This conflict-resolution spread links tarot divination back to its Italian game-playing roots. The card-selection method presented here uses two decks to determine which card of a pair is to be read in each of five “conflict engagement” areas. It is based on the simple “trick-taking” game “War,” in which one card bests another in a series of head-to-head “reveals.” In that game, tied pairs are put into a pile that goes to the person who takes the next trick; the winner is the player who has the most cards at the end of play. I got on this track while thinking about teaching my five-year-old granddaughter to play War with her Stephen Farmer animal oracle deck (“Hmm, the Bear eats the Deer, you win!”)
Here there is no ultimate “champion,” just separate scenarios based on different types of engagement that may or may not mesh into a bigger picture. Ties of identical rank or number require context-specific judgment to decide a winner, or both cards can receive equal prominence in the matter as determined by the querent and the reader. The cards in the “Winner” column are then read to describe the outcome and a possible resolution. The scope of this spread ranges from internal, psychological struggles to widespread external discord, with various types of adversarial group interaction between the extremes. Not all areas will apply in every instance, but they are all populated “just in case.” For example, if I were to experience severe mental stress over something occurring on the world stage, I would look first at the cards in Areas #1 and #5, and then examine the intervening areas for evidence of other factors that could be “adding fuel to the fire.” Although we may not be able to do anything about external affairs, this analysis could help us clarify our understanding and orientation.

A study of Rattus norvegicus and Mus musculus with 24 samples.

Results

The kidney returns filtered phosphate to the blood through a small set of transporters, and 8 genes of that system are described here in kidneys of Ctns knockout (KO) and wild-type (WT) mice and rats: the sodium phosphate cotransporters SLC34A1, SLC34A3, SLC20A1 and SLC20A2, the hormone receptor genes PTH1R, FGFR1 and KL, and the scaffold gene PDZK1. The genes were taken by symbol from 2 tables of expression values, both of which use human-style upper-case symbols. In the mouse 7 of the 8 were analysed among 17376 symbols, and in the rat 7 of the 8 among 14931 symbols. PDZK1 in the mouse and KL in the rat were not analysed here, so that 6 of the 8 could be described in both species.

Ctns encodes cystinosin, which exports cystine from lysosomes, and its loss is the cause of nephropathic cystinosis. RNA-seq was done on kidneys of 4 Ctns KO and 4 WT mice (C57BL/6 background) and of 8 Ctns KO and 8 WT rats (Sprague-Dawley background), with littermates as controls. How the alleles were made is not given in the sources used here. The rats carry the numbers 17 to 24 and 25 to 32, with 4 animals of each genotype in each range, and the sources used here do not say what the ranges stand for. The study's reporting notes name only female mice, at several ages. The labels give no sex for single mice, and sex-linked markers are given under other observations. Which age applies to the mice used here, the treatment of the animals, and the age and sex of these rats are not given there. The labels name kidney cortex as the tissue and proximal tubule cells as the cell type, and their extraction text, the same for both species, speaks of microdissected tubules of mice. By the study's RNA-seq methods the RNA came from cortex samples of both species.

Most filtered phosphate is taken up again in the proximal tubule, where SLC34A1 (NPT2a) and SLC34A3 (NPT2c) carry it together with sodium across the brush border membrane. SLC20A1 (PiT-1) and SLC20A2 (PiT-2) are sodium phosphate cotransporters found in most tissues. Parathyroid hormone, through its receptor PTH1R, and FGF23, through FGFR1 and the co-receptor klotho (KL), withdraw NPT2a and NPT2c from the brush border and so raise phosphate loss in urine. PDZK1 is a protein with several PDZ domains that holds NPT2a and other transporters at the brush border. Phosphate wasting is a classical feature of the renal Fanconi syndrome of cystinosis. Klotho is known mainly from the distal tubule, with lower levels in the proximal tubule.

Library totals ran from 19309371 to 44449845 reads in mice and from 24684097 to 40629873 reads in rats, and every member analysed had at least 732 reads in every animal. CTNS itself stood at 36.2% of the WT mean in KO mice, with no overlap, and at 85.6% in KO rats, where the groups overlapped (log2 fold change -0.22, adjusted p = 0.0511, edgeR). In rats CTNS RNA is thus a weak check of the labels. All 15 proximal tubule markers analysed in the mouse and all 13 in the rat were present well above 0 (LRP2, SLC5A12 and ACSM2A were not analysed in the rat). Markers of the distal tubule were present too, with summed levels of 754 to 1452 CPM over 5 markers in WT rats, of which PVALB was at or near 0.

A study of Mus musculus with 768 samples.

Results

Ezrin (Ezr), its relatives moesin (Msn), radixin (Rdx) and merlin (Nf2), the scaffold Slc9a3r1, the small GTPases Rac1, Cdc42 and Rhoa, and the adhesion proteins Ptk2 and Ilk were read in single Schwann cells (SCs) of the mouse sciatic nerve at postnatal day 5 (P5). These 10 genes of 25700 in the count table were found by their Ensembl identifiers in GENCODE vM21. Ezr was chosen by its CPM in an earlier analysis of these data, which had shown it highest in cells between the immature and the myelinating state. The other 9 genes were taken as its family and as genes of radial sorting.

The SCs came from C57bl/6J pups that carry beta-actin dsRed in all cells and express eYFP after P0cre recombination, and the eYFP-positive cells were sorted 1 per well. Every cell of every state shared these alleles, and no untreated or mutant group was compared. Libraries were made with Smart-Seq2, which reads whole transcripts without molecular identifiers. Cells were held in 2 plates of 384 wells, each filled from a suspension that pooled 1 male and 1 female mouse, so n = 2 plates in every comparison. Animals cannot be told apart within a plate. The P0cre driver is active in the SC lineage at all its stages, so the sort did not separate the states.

A little more detail about the “highest in red, lowest in black” provision of the spread is in order. There is an old rule in trick-taking card games that in the red suits, Hearts and Diamonds, a high “pip” card will beat a lower one, while in the black suits, Clubs and Spades, a low-numbered pip will defeat a higher one. In the realm of tarot (although there is some disagreement) the consensus has been that Wands (aka Batons) relate to Clubs due the physical similarity of the emblematic implements, and are therefore treated as “black” in this analogy; Swords are associated with Spades, the French word for which — épée — means a form of sword, and are also “black; Cups have always been Hearts and consequently “red;” and Pentacles (aka Coins or Disks), as the last remaining suit, must be equated with Diamonds and are also “red.”
Thus, for example, the 2 of Wands will beat the 3 of Wands, while the 3 of Cups will beat the 2 of Cups. If the suits are mismatched — say, Wands and Cups, Wands and Swords or Wands and Pentacles — the normal low-to-high number progression will prevail. If there is a rank-or-number tie, the premise that there is no “winner” for that conflict area doesn’t work with this spread; the solution is to either make a judgment call regarding which one best fits the nature of the question or give both cards a say in the outcome. (Personally, I lean toward the second option since it would add some complexity to the one-card answers.) Although it isn’t a formal part of the spread, an additional card or two can be added to the “story” in any area where the winning card is ambiguous; it would be best to draw these from a third “impartial” deck.